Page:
AfricaNow! September 20, 2017
Topics: African Roots of Medicine & Health Care for All in Cuba
Topics and Guests: Today we focus our attention on medicine and health care. We begin with a topic that is not discussed nearly enough that is medicine and its African roots. Joining AfricaNow! to briefly illuminate this issue is Dr. Charles Finch. Dr. Charles S. Finch was until June 30, 2007, Director of International Health at the Morehouse School of Medicine. Dr. Finch joined the Department of Family Medicine at the Morehouse School of Medicine in 1982 and then the Office of International Health in 1989, eventually becoming the principal investigator of a traditional healer survey among the Serer people of Senegal, 1991-1992; and led three additional traditional healer projects in Senegal, ending October,1995. Between 1992 - 1995, he led groups to traditional healing ceremonies in Senegal. Dr. Finch has conducted independent studies in African antiquities, comparative religion, anthropology, and ancient science since 1971. Since 1982, he has published more than a dozen articles, including “The African Background of Medical Science” and “Science and Symbol in Egyptian Medicine.” A collection of Dr. Finch's essays, The African Background to Medical Science, was published by Karnak House (London) in November 1990. His books include Echoes of the Old Dark Land (1991) and The Star of Deep Beginnings: Genesis of African Science & Technology, (1998). Dr. Finch has lectured numerous times in the U.S., Senegal, England, Switzerland, Guatemala, Jamaica, Trinidad and Tobago, the Bahamas, and Egypt on diverse topics. Dr. Finch has led seven study tours to Egypt since 1989 and traveled to Africa extensively. He was a co-organizer of Coumba Lamba USA, an 8-day African healing ceremony on St. Helena Island, South Carolina in 1996.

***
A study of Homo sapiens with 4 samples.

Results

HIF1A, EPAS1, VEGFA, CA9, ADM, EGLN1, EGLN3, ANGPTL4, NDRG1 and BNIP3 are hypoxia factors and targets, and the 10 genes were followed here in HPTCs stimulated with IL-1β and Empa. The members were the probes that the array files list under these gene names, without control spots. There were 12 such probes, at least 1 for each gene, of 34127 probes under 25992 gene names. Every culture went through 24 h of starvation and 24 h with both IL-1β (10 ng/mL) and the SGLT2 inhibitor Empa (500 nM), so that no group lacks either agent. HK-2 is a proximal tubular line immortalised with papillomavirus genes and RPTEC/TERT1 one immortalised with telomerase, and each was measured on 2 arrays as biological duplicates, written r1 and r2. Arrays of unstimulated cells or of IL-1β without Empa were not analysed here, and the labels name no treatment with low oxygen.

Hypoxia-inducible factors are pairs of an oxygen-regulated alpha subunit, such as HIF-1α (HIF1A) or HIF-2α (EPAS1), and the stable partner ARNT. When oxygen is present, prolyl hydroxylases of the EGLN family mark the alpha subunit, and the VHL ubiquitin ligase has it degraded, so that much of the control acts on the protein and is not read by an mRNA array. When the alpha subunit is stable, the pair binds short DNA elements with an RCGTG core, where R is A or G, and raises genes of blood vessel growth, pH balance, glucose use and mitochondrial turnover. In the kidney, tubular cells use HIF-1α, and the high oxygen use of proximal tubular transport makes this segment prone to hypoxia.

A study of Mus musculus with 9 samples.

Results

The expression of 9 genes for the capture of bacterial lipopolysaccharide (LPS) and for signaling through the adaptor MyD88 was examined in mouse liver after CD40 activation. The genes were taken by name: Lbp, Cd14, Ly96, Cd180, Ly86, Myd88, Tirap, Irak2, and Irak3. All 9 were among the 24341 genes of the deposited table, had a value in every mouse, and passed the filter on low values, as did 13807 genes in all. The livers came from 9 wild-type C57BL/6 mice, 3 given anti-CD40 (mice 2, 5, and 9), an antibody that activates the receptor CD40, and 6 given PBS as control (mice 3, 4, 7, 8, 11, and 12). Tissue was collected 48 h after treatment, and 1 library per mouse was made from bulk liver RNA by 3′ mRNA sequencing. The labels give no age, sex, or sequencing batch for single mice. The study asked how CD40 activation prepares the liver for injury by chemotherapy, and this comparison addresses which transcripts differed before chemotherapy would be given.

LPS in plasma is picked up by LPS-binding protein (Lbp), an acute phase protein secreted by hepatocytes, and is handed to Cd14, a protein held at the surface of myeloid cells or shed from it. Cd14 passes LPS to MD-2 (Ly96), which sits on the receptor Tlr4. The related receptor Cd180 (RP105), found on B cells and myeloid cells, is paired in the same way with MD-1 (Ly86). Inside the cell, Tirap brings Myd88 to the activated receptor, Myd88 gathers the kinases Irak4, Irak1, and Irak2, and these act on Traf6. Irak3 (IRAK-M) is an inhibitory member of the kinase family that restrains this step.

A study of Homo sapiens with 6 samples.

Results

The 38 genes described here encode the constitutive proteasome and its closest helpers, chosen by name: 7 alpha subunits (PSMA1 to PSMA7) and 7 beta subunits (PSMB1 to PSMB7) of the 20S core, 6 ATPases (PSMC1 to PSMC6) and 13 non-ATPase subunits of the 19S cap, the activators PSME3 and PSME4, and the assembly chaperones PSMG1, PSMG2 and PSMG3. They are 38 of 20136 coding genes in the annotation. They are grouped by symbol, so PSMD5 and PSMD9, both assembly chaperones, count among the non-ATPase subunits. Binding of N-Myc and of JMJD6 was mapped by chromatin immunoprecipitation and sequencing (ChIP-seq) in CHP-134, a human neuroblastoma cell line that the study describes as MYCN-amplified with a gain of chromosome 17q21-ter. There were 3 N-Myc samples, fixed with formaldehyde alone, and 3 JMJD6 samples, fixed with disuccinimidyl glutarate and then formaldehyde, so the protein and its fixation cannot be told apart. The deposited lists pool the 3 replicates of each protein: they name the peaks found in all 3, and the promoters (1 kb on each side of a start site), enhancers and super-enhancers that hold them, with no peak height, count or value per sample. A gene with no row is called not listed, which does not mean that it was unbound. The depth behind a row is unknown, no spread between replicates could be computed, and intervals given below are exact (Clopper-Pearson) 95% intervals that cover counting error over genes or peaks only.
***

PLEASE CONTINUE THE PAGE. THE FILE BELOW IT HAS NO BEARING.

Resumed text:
Affordable, accessible health care in the U.S. is still a dream. But in Cuba this a reality—a country with much less resources—health care is considered a human right in Cuba, free for all. The tremendous strides Cuba has made in the medical field since the 1959 revolution have not been limited to the island but the country has shared it success with the globe: countless doctors from under-served communities around the world have be trained in Cuba for free; the country has often been first on scene to offer medical assistance during times of crisis such as the Ebola outbreak in 2014 in Guinea, Liberia and Sierra Leone. These achievements are very significant but are constantly threatened by the over 50-year U.S. economic blockade. Recently Cuban and U.S. health care professionals discussed the consequences of the blockade on Cuban and U.S. citizens. The participants were part of the Days of Action Against the Blockade presented by International Committee for Peace, Justice and Dignity of the Peoples, September 11 – 16, 2017, Washington DC. Other initial endorsers of the Days of Action include Global Health Partners, Health over Profit for Everyone (HOPE), Health Care Revolution, (Student organization at Georgetown University) Institute for Policy Studies, IFCO/Pastors for Peace, Clínica Martin-Baro, Labor Campaign for Single Payer. AfricaNow! presents part of conversation which took place at Howard University Ralph J. Bunche International Affairs Center. The section features: Dr. Jesús de los Santos Renó Céspedes, Head of Pediatrics at the National Institute of Oncology and Radiology in Havana, Cuba and is a professor, researcher and specialist in Pediatric Oncology; U.S. Dr. Mercedes Charles, graduated from the Latin American School of Medicine (ELAM) in Cuba, 2017; and U.S. Dr. Abraham Vela, graduated from the Latin American School of Medicine (ELAM) in Cuba, 2016. First here is Dr. Abraham Vela.
Click here to listen to AfricaNow! of September 20, 2017 African Roots of Medicine & Health Care for All in Cuba.
Originally broadcast on WPFW 89.3FM, Washington, DC. Tune into AfricaNow! live on WPFW 89.3 FM in the Washington, DC Metropolitan area or visit www.wpfwfm.org on Wednesdays from 1:00 to 2:00PM (Eastern).